For some reason, birth control is a controversial topic. Despite the fact that women should be able to get the proper medication that they want or need, lawmakers have still found ways to make this very difficult to happen. But, if you're looking for a bit of somewhat light-hearted news, you can now send your birth control "bill" to Trump, and the reason why is so important. Women's rights in the United States have never really been on par with that of men, but for a while, it seemed as though the nation was moving in the right direction. Now, though, with certain GOP leaders controlling all three branches of the government now, this is no longer the case.
And even though there are (way too) many instances of women's rights being compromised that are worthy of delving into, perhaps one of the biggest hits women have taken lately is that of an Obamacare-era mandate being rolled back. Specifically, earlier in October, the Trump administration effectively ended the "Affordable Care Act’s promise of no-cost contraceptive coverage," according to The Washington Post.
Basically, now, the reported 62.4 million American women who could have gotten birth control with absolutely no copay are now forced to pay for one of the basic forms of health care, as the National Women's Law Center reports.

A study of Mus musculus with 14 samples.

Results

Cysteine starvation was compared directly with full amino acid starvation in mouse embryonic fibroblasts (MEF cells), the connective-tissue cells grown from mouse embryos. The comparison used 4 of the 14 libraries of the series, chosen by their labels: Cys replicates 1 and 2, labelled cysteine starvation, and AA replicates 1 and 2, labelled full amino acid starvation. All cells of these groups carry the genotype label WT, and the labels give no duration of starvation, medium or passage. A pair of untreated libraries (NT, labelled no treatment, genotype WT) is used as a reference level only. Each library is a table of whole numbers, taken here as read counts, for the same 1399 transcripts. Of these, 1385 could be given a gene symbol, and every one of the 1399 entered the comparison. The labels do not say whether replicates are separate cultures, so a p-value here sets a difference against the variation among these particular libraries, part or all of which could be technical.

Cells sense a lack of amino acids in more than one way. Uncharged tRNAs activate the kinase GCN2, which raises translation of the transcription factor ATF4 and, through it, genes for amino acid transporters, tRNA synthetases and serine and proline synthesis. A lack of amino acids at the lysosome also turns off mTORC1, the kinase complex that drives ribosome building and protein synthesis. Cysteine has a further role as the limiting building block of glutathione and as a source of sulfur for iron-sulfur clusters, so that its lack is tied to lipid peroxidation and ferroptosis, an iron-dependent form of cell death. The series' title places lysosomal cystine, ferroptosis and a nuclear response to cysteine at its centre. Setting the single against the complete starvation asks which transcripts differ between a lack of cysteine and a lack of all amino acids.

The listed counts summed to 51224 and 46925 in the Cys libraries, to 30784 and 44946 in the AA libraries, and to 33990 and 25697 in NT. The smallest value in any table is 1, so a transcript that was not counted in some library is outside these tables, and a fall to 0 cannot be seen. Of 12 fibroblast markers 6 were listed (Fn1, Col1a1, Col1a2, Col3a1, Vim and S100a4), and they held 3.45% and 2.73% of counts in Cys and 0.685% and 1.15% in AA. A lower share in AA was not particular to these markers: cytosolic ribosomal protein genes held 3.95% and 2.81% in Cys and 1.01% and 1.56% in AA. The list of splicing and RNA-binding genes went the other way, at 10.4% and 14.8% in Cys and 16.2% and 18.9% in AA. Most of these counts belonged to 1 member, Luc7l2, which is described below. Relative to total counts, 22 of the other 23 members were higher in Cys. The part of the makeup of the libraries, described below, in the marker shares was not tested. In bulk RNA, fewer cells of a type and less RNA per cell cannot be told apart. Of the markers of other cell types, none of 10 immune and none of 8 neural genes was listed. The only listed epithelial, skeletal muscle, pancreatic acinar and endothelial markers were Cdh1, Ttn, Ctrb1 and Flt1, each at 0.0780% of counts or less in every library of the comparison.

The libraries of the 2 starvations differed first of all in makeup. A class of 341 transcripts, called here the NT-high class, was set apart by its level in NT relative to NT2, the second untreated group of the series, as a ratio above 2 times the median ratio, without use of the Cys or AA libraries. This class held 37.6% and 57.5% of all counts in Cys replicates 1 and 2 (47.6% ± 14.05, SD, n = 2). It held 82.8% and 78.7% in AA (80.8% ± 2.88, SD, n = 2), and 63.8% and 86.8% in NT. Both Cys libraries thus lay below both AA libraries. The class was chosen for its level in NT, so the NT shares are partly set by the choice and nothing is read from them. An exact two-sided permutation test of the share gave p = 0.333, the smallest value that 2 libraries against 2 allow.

As such, a new campaign has made it its mission to make sure that the men responsible for this change know exactly the damage they're doing — especially the financial dent it's leaving in women's pockets.
The Keep Birth Control Copay Free campaign is dedicated to allowing women to have access to birth control, without having to shell out the big bucks. According to its website, when women have fair and equal access to some form of birth control, the benefits are numerous. In particular, as the campain noted:
And so, Keep Birth Control Copay Free has launched a new feature on its website which "calculates the annual average cost of your chosen form of birth control, and will send a bill right to President Trump and the U.S. Department of Health and Human Services for you," according to The Cut.
On the campaign's website, it's fairly easy to use the new feature. Simply choose your standard form of birth control (pills, an IUD, the patch, or more), and the site tells you the average yearly cost for your medication. For example, those behind the campaign report that oral contraceptives run an average of $600 per year.
So, if you aren't pleased with the proposed cost of your birth control, simply click the "send Trump your bill" button, and you'll be taken to a form to fill out your contact information, along with a preview of the invoice being sent to the Trump administration. More than that, though, you'll be able to see a copy of the message addressed to the Trump administration being sent along with the bill, which reads in part:
Clearly, the costs of birth control aren't feasible for every woman to pay for by herself. Considering that Viagara is still covered by Medicaid, it's hard to ignore the underlying reasons why birth control isn't and could eventually cost women (and their families) and arm and a leg.